Published on 28/04/2023

The last thing anyone wants to see is that hard work and investment being eaten away – from below.
With the danger period for
grass grub damage upon us, Otago and Southland Adama commercial manager Damian MacKenzie says regular checks on pasture are vital.

“Keep doing it. In a spade
square just 2-3 larvae can indicate there’s a big problem. Grass grub and porina can reduce pasture dry matter production by up to 4,300 kg per ha. Even low levels of the larvae make a significant impact.”

At the upper end of the scale, he
says damage can be dramatic. “If it gets really bad, grass rolls back like a carpet. They can wipe out your pasture.” 
And, MacKenzie says, there have been strong indications that populations are currently building.

At the first signs of infestation,
he recommends high strength insecticide Diazol 800. He is careful to differentiate, making the point that some other formulations have lower amounts of active. “That means more product has to be applied. They’re not all created equal.”

MacKenzie says the target is
the third instars of grass grub, which develop from February through to June, moving to the top few centimetres of soil to feed on roots. That, he says, is when it’s time to strike. “You’ve really got to deal with them.”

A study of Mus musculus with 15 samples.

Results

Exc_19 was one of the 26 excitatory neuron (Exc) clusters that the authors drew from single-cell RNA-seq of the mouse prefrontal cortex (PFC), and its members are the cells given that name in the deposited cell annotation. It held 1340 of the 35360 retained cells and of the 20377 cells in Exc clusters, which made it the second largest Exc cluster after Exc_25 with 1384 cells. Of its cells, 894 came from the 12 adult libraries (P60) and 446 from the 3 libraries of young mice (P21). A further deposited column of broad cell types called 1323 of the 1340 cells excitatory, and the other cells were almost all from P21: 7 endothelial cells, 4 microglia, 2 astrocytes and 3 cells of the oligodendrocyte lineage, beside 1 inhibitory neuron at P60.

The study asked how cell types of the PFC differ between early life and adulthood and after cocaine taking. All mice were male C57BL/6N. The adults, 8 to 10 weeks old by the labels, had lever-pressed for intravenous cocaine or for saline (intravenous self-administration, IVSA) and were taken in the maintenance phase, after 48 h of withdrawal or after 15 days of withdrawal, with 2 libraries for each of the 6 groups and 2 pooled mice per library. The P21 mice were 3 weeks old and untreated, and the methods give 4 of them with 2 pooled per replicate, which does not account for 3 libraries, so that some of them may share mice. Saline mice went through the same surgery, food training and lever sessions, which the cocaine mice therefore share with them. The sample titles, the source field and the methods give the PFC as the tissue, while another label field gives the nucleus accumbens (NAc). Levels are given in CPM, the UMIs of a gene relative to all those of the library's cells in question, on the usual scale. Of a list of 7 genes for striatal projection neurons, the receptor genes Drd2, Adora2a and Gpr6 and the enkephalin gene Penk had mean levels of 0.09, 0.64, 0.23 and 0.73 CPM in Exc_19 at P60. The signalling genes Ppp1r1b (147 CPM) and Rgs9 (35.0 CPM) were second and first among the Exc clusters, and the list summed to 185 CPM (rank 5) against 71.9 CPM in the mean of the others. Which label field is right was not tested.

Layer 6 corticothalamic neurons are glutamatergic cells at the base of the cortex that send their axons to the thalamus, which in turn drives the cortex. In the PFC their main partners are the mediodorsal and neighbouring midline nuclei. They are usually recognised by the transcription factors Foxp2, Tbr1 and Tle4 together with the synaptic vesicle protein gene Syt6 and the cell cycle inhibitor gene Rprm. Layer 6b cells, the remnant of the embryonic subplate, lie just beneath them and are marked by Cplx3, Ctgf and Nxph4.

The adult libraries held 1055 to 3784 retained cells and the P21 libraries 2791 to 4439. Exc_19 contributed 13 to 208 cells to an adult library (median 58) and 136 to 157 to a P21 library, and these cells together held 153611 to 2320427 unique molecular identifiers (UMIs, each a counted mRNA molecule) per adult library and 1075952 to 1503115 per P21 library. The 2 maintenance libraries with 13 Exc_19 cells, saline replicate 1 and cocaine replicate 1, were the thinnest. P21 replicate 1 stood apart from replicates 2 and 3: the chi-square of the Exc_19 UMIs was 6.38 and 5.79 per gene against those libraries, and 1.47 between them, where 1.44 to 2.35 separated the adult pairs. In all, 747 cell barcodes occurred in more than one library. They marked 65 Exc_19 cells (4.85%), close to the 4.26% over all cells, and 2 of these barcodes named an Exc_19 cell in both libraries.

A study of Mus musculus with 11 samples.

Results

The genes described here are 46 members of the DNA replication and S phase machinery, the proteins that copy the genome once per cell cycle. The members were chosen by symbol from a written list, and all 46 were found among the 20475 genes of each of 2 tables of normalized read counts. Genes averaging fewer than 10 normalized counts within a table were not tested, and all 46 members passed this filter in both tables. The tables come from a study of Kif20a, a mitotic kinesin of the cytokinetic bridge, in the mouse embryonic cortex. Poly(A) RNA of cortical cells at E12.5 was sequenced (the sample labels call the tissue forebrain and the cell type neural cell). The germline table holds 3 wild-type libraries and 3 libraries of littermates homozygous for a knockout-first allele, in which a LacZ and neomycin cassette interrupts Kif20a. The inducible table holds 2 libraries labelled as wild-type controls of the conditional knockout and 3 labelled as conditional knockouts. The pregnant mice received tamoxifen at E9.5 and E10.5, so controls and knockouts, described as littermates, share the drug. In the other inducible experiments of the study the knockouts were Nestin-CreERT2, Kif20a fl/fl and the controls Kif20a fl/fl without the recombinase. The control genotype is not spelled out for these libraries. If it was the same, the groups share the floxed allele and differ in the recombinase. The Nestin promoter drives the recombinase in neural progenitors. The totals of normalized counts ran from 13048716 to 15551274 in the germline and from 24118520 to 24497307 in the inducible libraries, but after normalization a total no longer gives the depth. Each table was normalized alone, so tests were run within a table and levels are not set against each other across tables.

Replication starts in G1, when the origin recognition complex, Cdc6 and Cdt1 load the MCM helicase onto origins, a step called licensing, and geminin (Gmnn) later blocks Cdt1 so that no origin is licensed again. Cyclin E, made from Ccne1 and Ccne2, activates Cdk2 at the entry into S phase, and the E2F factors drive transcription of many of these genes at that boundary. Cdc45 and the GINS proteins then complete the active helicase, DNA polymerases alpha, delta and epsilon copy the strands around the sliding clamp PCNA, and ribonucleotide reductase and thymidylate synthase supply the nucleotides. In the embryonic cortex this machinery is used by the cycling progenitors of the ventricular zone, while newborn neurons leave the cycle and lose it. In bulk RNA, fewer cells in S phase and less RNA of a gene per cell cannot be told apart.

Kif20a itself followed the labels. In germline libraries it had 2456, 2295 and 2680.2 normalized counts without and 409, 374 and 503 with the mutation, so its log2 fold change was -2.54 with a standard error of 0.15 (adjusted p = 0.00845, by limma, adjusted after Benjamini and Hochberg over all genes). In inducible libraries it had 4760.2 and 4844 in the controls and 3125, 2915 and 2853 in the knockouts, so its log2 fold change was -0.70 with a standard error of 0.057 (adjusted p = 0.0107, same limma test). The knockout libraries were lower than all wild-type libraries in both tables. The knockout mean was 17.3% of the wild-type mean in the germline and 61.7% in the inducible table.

Grass grub larvae feeding damage is usually indicated by patches of suppressed growth, typically with yellowing leaf tips.
The grass grub larvae are horseshoe shaped and whitish with 6 legs and a brown head for Costelytra zealandica, and a darker head for the Tasmanian grass grub (Aphodius tasmaniae).
In contrast, porina feed above
ground on leaves. Their activity and damage are characterised by patches of shorter pasture and increasing areas of bare ground. Porina feed from late evening and leave worm-like granular casts.

MacKenzie says for effective
grass grub control, Diazol 800 should be applied February through to April, while grubs are small and near the surface and before damage becomes severe.

For porina, the best control can be achieved by spraying in the early evening on warm nights, even if there has been some rain.

“It needs to be sprayed in the rain, ideally light rain – and when the pasture is short – as you want to ensure it gets washed into the soil. Then when it hits them, they’re gone!”

It is critical that at least 13 mm of rain, or irrigation, follows Diazol 800 application. If it dries on the pasture, efficacy is reduced. Diazol 800 should also be applied to closely grazed pasture. A heavier rate is recommended when larvae are numerous, or pasture very dense. (Please read the label on the use rates of Diazol 800).